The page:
A UN expert said today authorities in the Central African Republic must ensure the protection of candidates, voters and electoral materials in the country's second round of legislative elections and by-elections on March 14.
"Regardless of political party, all candidates, including independents, should have the protection of the security and defence forces for campaigning, field operations, and polling station representation," said Yao Agbetse, the Independent Expert on the situation of human rights in the Central African Republic.
Agbetse said the Coalition of Patriots for Change (CPC) and other armed groups must immediately stop all actions aimed at destabilising the proper conduct of the elections. "I reiterate once again that the perpetrators of abuses and violations of human rights and international humanitarian law will be held accountable."
The expert said all candidates in the elections should have equal access to the public media in CAR. "I encourage the High Council for Communication to continue its work of monitoring the flow of information on the media and social networks and to ensure that the authors of messages of hatred, manipulation and incitement to violence are identified and brought to justice."
The expert commended the efforts of the National Elections Agency and the multi-faceted support provided by MINUSCA, the United Nations country team, and international partners for the success of the elections. He said the Central African authorities should continue and strengthen the conquest of territories formerly occupied by armed groups and the progressive deployment of defence and security forces.
"I call on the Central African authorities to ensure that the second round of elections will be credible, transparent, open and peaceful, that electoral materials will be made available, that the security of all actors will be ensured and that voters will be protected in the exercise of their democratic rights," Agbetse said.
Mr. Yao Agbetse (Togo) is a human rights lawyer, researcher and teacher who has devoted the last 25 years of his life to justice and human rights, including the rights of the child. He has implemented human rights programs at the national level and has provided legal and technical advice for the development and monitoring of national human rights laws and policies, particularly in Benin, Côte d'Ivoire, in the Democratic Republic of Congo, Mali and Togo. He has created a space and tools for dialogue and joint efforts by state actors and CSOs. In the DRC, Côte d'Ivoire and Mali, it has implemented DDR programs, trained army and police chiefs, and provided support to mandate-holders and United Nations operations, including participating in the interactive dialogue under item 10 during sessions of the Human Rights Council in Geneva. He provided first-hand and factual information to UN experts to help them assess human rights challenges in different countries and made specific and workable recommendations to ensure accountability and access to Justice.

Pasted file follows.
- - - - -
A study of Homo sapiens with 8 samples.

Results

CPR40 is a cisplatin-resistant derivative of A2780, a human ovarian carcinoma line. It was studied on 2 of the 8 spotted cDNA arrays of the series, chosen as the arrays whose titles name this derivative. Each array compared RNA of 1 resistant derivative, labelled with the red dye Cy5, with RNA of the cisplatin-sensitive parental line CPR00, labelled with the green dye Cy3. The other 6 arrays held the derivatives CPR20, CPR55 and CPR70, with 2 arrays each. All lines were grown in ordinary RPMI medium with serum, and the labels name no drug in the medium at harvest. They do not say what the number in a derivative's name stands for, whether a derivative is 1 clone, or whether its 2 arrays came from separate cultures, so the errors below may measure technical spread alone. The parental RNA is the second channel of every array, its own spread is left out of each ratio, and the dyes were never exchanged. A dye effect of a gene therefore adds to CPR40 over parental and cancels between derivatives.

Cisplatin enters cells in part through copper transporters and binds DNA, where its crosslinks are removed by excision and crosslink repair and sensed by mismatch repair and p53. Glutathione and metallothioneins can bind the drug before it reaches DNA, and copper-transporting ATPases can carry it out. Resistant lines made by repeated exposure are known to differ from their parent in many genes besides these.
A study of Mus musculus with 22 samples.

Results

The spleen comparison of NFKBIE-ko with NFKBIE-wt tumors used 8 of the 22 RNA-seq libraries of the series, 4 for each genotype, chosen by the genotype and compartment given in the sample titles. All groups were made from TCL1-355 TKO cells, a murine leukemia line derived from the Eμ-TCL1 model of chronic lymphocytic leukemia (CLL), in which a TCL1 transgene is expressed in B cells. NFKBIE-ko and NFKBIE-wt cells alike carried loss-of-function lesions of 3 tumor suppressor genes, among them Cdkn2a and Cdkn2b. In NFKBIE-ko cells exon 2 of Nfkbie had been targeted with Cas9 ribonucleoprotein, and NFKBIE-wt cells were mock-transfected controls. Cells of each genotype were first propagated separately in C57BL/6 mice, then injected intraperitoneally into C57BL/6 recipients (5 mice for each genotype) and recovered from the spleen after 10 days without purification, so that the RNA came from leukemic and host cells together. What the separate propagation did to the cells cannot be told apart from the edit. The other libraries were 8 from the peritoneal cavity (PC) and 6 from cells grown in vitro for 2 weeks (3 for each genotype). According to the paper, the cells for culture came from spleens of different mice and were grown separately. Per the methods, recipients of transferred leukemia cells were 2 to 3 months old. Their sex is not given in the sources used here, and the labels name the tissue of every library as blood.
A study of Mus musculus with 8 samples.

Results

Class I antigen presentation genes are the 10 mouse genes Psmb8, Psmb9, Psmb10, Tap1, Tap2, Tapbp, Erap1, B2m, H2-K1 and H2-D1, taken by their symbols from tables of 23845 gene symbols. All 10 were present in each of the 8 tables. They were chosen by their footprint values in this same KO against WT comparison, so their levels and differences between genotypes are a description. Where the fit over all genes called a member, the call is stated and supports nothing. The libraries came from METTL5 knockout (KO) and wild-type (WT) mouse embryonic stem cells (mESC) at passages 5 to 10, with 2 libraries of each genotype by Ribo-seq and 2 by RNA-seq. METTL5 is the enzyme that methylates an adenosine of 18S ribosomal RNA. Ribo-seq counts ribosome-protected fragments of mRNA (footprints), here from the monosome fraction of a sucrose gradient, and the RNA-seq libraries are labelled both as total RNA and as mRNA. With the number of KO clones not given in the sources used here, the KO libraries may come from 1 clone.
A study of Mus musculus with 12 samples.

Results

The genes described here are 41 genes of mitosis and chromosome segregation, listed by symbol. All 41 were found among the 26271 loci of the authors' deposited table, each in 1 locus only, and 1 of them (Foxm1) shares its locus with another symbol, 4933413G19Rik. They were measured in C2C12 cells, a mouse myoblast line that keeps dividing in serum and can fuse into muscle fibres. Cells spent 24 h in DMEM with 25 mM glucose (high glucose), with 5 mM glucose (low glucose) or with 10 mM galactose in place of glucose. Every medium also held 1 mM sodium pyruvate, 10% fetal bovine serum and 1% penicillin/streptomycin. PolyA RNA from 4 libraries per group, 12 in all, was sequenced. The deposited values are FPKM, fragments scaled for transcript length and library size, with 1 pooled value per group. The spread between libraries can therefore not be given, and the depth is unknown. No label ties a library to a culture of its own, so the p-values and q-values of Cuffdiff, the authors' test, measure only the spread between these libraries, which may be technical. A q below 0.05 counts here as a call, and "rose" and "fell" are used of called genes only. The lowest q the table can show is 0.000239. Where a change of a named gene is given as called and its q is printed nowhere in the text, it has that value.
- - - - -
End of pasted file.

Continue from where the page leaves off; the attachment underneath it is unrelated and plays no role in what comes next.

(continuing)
The mandate of the Independent Expert on the situation of human rights in the Central African Republic was established by the Human Rights Council on 27 September 2013.
Special Rapporteurs are part of what is known as the Special Procedures of the Human Rights Council. Special Procedures, the largest body of independent experts in the UN Human Rights system, is the general name of the Council's independent fact-finding and monitoring mechanisms that address either specific country situations or thematic issues in all parts of the world. Special Procedures' experts work on a voluntary basis; they are not UN staff and do not receive a salary for their work. They are independent from any government or organization and serve in their individual capacity.